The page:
History major, senior class vice president, soccer player and SGA senior senator Lillie Brady ’17 is putting to work her classroom knowledge and student-athlete time-management skills this semester on Capitol Hill. As a U.S. Senate intern for Senator Thom Tillis (NC-R), she is living and working in Washington D.C., through the Capitol Hill Internship Program as she focuses on charting a post-graduation direction for the future.
With plans to enroll in law school after working for a year, Lillie is discovering a particular interest in environmental policy—with conducting research on this topic as well as attending related meetings, briefings and conferences—emerging as a favorite component of her internship experience.
“In addition to gaining knowledge about the environment, I’ve adjusted to the fast-paced work setting and understand better how offices of this size and magnitude function on a daily basis,” she said. “These are things a professor cannot teach in a classroom; firsthand experience is the only way to gain the skills needed to thrive in this situation.”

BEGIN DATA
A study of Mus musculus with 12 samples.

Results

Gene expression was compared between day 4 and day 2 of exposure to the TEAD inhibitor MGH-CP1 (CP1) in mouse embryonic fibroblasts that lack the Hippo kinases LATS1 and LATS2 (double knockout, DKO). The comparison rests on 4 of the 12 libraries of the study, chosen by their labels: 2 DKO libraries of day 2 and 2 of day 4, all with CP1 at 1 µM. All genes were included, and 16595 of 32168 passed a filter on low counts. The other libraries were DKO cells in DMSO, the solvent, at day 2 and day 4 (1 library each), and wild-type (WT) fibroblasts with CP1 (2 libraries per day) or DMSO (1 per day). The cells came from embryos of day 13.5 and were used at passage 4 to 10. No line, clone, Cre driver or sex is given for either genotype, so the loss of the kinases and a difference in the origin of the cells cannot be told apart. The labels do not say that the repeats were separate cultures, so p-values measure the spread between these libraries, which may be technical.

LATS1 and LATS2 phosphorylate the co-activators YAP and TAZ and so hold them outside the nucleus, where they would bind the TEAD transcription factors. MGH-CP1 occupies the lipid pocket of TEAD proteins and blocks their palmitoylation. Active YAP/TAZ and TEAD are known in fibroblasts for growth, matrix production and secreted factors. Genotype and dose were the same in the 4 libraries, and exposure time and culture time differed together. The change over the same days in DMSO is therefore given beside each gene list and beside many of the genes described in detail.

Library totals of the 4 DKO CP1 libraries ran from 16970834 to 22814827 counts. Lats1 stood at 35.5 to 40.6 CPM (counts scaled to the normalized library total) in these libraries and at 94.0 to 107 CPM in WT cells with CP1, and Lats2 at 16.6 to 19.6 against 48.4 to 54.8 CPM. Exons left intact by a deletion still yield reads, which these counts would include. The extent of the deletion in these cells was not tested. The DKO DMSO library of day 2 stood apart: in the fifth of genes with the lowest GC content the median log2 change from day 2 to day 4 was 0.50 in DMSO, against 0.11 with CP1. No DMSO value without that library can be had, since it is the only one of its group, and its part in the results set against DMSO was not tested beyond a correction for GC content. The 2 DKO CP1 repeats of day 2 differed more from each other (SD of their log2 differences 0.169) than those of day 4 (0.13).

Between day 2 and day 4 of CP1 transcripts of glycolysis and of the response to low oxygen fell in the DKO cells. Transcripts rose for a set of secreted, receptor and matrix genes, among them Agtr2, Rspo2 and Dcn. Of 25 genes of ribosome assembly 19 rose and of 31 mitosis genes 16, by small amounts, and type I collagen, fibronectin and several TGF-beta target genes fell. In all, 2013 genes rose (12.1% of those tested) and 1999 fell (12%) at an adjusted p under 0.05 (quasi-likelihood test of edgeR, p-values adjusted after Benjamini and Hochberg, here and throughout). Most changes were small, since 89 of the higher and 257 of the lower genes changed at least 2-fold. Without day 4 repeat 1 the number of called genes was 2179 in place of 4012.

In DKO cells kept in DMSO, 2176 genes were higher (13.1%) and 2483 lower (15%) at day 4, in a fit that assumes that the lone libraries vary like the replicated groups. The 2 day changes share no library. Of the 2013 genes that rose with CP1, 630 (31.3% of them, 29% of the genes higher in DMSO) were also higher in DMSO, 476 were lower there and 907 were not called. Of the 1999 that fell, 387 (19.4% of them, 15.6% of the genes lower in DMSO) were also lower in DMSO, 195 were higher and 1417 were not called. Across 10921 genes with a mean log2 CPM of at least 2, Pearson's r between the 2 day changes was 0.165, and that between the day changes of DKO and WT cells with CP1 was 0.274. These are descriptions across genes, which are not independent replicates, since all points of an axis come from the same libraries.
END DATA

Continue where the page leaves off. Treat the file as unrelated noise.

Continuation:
Lillie notes that the intensive reading and writing requirements of Pfeiffer’s history program have more than adequately prepared her to conduct research at the Library of Congress, manage required policy-related reading and draft post-hearing briefs. She adds that her knowledge of politics and historical events permit her to excel as a tour guide of the U.S. Capitol building.
“I love talking to tour groups from North Carolina,” she said. “Between those experiences—and getting to know the other student interns in my office from across the country and globe—I’ve made some incredible contacts.”
Visiting the Smithsonian museums and the capital’s iconic monuments, trying new restaurants, shopping and taking in the scenery during runs through D.C.’s neighborhoods are aspects of city life that Lillie has grown to appreciate. Unsure initially about tackling a dramatic change in surroundings after growing up in Boone, N.C., and living on Pfeiffer’s Misenheimer campus, she knows small-town life will always be available if she decides that is her preference.
“Sometimes opportunities are once in a lifetime and it’s important to take a leap of faith,” she said. “Whether or not I ever again live in a big city, I can say that I did it and move on to the next adventure.”